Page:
How the EU investigates Russia’s war crimes – interview with the head of Eurojust
Head of Eurojust, Ladislav Khamran (Photo:ALEXANDROS MICHAILIDIS/Alamy via Reuters)
Law enforcement officers of 21 countries and the Joint Investigative Group are currently working to ensure that every Russian war criminal gets what he deserves. The head of Eurojust, Ladislav Khamran, spoke to NV about the victims and witnesses of these atrocities, as well as the amount of evidence which has been already collected.
With the beginning of Russia's full-scale against Ukraine, the European Union's judicial cooperation agency, Eurojust, became one of the bodies that facilitates the investigation of Russian war crimes at the international level. In particular, the agency launched the Core International Crimes Evidence Database (CICED). And also recently, together with the Office of the General Prosecutor of Ukraine, it announced the start of work in The Hague Center to support efforts to collect evidence of the crime of aggression in Ukraine.
NV: From the very beginning, Eurojust has supported international efforts to collect evidence on the main crimes committed by Russia in Ukraine. What challenges do international prosecutors face in gathering evidence?
Khamran: There are lots of obstacles. First of all, obviously, the key obstacle is access to the territory and the beginning of the collection of evidence. This is primarily a national problem for Ukrainian prosecutors, but also for members of the Joint Investigation Team (JIT) [representatives of Ukraine, Poland, Lithuania, Latvia, Estonia, Slovakia and Romania, whose partner is the Office of the Prosecutor of the International Criminal Court and Eurojust] who were sent to Ukraine to help the country begin gathering evidence related to the ongoing war. For example, SSG members were advised not to come to Ukraine yet, as it is simply dangerous for them.
On international level, we have other challenges too. For example, 21 countries are conducting their own investigations [at national levels] and are gathering evidence now. And this, of course, means that we need to understand who is investigating what, on what legal basis, and what has been done for now, how much evidence has been collected.
In addition, we work with the international community of non-governmental organizations and civil society. The big challenge is to make sure that we don't duplicate our efforts, that NGOs don't interview witnesses or victims who are then interviewed again by law enforcement. That's why we want to make sure organizations bring all victims and witnesses directly to law enforcement.
Another problem is that, as we feel, victims and witnesses who are abroad are reluctant to testify because their relatives are still in Ukraine and they are afraid that this may have consequences for them personally. It is also related to trust in institutions. We understand that Ukrainians do not trust the institutions or do not trust them enough, and they would like to wait for a more peaceful time. Perhaps at a later stage they will share their testimonies with us.
Another problem is digital evidence overload. Today we have so much evidence that we really have to make sure we have enough analytical capacity to analyze all the evidence collected and start preparing different files and classifying them according to different types of crimes.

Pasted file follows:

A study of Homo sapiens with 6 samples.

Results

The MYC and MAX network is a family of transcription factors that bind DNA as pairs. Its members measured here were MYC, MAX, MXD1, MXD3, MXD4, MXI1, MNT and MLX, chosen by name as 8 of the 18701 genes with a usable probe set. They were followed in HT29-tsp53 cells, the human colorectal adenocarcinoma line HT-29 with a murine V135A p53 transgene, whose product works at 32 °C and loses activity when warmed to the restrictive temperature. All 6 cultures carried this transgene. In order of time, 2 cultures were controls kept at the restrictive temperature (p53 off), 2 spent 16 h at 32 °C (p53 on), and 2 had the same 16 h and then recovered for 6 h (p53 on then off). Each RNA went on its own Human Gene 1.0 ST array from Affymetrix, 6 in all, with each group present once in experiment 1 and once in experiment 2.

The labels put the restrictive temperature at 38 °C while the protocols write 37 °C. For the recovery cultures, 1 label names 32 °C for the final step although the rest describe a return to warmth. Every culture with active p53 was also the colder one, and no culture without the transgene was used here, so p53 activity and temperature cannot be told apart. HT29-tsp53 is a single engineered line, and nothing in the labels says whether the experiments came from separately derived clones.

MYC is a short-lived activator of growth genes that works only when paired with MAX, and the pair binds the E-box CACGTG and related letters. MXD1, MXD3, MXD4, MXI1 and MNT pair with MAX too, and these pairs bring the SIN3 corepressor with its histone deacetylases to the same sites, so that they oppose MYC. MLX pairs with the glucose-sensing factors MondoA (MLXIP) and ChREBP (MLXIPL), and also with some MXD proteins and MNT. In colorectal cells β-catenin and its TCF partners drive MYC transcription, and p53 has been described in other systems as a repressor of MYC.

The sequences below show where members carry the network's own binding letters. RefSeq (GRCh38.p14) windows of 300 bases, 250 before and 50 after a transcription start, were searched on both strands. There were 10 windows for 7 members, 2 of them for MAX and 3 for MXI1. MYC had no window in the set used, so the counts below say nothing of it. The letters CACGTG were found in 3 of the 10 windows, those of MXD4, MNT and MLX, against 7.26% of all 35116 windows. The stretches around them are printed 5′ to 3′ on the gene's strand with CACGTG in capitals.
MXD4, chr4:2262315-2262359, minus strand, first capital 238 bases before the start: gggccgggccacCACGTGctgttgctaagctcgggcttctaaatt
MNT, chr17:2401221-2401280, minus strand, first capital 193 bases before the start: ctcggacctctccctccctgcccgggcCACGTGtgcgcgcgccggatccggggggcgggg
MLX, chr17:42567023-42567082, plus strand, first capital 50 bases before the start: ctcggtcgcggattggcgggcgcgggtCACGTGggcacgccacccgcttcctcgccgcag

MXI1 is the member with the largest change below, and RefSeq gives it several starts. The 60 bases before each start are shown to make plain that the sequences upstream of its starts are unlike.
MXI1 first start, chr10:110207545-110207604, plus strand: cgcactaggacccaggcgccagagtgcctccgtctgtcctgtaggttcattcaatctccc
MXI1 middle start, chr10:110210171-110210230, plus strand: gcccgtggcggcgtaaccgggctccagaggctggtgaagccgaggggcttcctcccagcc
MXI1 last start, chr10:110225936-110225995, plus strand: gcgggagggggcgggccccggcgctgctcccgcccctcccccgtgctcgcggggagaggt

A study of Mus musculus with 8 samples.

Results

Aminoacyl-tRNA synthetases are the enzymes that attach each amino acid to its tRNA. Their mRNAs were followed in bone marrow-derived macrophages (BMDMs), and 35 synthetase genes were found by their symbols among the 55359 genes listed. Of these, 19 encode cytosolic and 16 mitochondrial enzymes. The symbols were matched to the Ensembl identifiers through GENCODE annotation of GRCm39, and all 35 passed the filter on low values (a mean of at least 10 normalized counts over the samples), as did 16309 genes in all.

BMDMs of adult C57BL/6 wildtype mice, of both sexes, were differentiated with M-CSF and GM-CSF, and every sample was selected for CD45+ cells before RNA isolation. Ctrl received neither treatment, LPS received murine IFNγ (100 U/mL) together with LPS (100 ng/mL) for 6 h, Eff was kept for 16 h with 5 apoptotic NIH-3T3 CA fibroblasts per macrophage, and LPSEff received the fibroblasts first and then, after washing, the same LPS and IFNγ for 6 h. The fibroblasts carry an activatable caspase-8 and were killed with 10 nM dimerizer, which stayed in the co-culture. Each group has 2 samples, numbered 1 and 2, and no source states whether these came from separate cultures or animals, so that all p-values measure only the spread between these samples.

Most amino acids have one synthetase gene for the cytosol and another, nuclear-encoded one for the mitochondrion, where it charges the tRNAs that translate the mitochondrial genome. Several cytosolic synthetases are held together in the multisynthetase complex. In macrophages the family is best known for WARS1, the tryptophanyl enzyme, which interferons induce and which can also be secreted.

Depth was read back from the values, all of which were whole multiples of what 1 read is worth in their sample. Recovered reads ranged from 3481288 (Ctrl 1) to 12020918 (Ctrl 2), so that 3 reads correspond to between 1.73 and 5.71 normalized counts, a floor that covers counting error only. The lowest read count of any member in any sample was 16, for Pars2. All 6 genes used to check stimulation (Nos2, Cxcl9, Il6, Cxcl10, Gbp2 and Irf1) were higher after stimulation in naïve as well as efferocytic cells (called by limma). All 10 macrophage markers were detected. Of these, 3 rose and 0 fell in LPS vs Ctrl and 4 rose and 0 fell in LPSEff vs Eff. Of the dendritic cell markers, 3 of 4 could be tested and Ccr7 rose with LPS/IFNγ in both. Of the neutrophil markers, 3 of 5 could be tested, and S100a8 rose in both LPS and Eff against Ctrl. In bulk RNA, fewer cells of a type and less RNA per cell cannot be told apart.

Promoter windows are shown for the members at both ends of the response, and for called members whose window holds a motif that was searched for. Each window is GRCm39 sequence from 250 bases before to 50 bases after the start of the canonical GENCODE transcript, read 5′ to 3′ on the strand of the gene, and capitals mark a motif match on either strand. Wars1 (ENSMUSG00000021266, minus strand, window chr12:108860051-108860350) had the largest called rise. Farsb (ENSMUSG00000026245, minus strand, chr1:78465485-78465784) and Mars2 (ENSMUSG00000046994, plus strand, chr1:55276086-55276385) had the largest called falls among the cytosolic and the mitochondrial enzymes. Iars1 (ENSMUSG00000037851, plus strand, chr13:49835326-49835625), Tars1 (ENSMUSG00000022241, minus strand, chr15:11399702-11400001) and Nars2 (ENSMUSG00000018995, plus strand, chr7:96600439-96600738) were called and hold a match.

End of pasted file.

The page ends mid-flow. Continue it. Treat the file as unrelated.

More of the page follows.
This is just a brief overview of the challenges we face.
NV: Do you have data on how much evidence has been collected by countries conducting investigations at the national level?
Khamran: We currently have a rough idea of how much evidence was collected by the Joint Investigation Team. However, we do not yet have a clear idea of how much evidence has been collected in the 21 jurisdictions. That is why Eurojust is developing a major international database of crime evidence and inviting all countries, it means 21 countries [which are conducting their own investigations] and others, to send us their evidence in one place. And if this database is fully functional, we will have a complete picture of what has been collected and how much. And then we can filter them by type of crime, by region, and so on. And only then we can start developing prosecution strategies.
NV: What evidence has been collected by the Joint Investigation Team?
Khamran: At this stage, at least we or the joint investigative team and its members are focused on gathering evidence – in particular, to properly interview all the victims and witnesses who contact us according to the highest legal standards. And also that various digital evidences such as videos, photos, etc. are analyzed and securely stored. This is the first stage. At the next stage, we will begin to analyze all the collected information and determine the prosecution strategy.
NV: How long can it take to investigate major cases and bring them to court? Are we talking about a period of years?
Khamran: To be honest, now we are talking about thousands of pieces of evidence. From these thousands of pieces of evidence, we want to select the strongest cases that can be successful in court. So we certainly won't be waiting for years. Our strategy is to start building strong cases and take them to national courts. So I expect it to be done in months rather than years.
NV: What might these strong cases be? What types of crimes are we talking about?
Khamran: I cannot replace the members of the Joint Investigative Group who are leaders in this process. But I would really focus on the most serious and gross violations of international humanitarian law, and we should really consider the cases involving Mariupol, Bucha, and other cases where there were mass burials and gross violations of human rights and human dignity.